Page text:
RESEARCH TRIANGLE PARK, N.C. ( TheStreet) -- When you think of entrepreneurs and startup companies, the first thing that comes to mind probably is not a pair of tweens with dreams of websites, mobile applications and business plans.

But Marci Lawson of Garner, N.C., and Ben Brown, of Greensboro, N.C., both 11, made 60-second pitches at the Triangle Start-up Weekend like seasoned pros, competing against 52 adults (including some of the kids' family members) -- and were excited and surprised to see both of their ideas on the list of those moving to the next round.

For Marci, a cheerleader who has performed at competitions and New York Knicks events, it was validation that her idea of building an online social network and mobile app for cheerleaders -- CheerChatter.com -- might become a reality. All she needed was a team of programmers (referred to as "hackers" at the event) and other business and marketing resources ("evangelists") to work with her on the business model, business plan and building the application and website.

Ben also looked to social media. "It started when I asked my dad for some money. He said, 'Get a job.' I said I was too young. He said, 'Build an app,'" Ben says. "Then I came up with the idea of MySwagApp.com, a website for kids to learn how to dress, what's in style and to have a way to buy the look."

Phase II of the weekend, held June 3-5 at the American Tobacco Complex in Durham, N.C., entailed getting a team of volunteers from the attendees. The goal of the team would be functioning websites and mobile apps, plus a five-minute pitch on the business model and revenue. The final presentation would take place Sunday before a panel of judges.

Friday night Marci and Ben worked on forming teams -- and each hit roadblocks, ultimately going home without them. "We weren't able to get a team together before we left for the night. It was hard to get up on Saturday and come back," Marci says. "I almost didn't, then I remembered what the speakers were saying about every entrepreneur would hit obstacles. But you keep going, you 'pivot,' so we came on Saturday and started working."

Saturday morning arrived with the two 11-year olds, their parents and a few friends and family working in two groups. Eventually the two groups decided to combine efforts and leverage their skill sets and connections. I was fortunate as the event sponsor to have one of the event volunteers come to me and tell me what was going on. I say "fortunate" because working with Marci and Ben and their parents provided valuable lessons that every entrepreneur needs to learn. Here are a few:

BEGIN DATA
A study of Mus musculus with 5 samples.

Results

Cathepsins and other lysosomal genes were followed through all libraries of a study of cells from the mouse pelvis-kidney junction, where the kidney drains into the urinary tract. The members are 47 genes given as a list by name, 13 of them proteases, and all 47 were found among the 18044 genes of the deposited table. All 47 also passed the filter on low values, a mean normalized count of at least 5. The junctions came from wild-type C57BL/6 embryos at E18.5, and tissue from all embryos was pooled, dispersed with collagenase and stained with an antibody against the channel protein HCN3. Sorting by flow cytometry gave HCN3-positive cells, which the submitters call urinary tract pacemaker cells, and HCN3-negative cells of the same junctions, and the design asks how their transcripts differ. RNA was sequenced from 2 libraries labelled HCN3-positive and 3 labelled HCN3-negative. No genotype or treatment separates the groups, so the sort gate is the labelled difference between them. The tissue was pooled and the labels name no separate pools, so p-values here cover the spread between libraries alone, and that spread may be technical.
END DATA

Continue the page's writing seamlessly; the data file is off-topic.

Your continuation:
1. Do not take "no" as rejection -- it is an opportunity.
2. Do not be afraid to ask.
3. Know what you want.
4. Share the vision.
5. Believe in yourself and your team, no matter how small.
6. Reach out to friends and ask them for help.
7. Use your network.
8. Get it done!
9. There is no time like right now to start.
10. Stopping is not an option, even when you are disappointed, or exhausted (or the food is bad).

Neither Marci nor Ben won the event. But these two entrepreneurs are just getting started.

Marci's Cheer Chatter team continued to work after the event and are at work today, executing the plan they built at Start Up Weekend. Marci is a cheer captain (you may know it as a CEO) with vision, drive and perseverance, and as a result you can find Cheer Chatter on Facebook, Twitter and YouTube and see for yourself how an 11-year-old built a product and a company.

I also have no doubt Ben and his team will be filling the virtual closets of tweens 11-14 online, pulling together a community of tweens who go from "without swag" to "with swag" in no time. The Swagometers (his rating scale for the outfits and apparel items) will be rising.

To paraphrase from Ben's final presentation slide of competitive advantages, the biggest assets these two companies have may just be the kids themselves. They do not know when to quit. They may not have won the event, but I wouldn't be surprised if at the next Start-Up Weekend they're listed as two more companies that launched successfully and are still growing.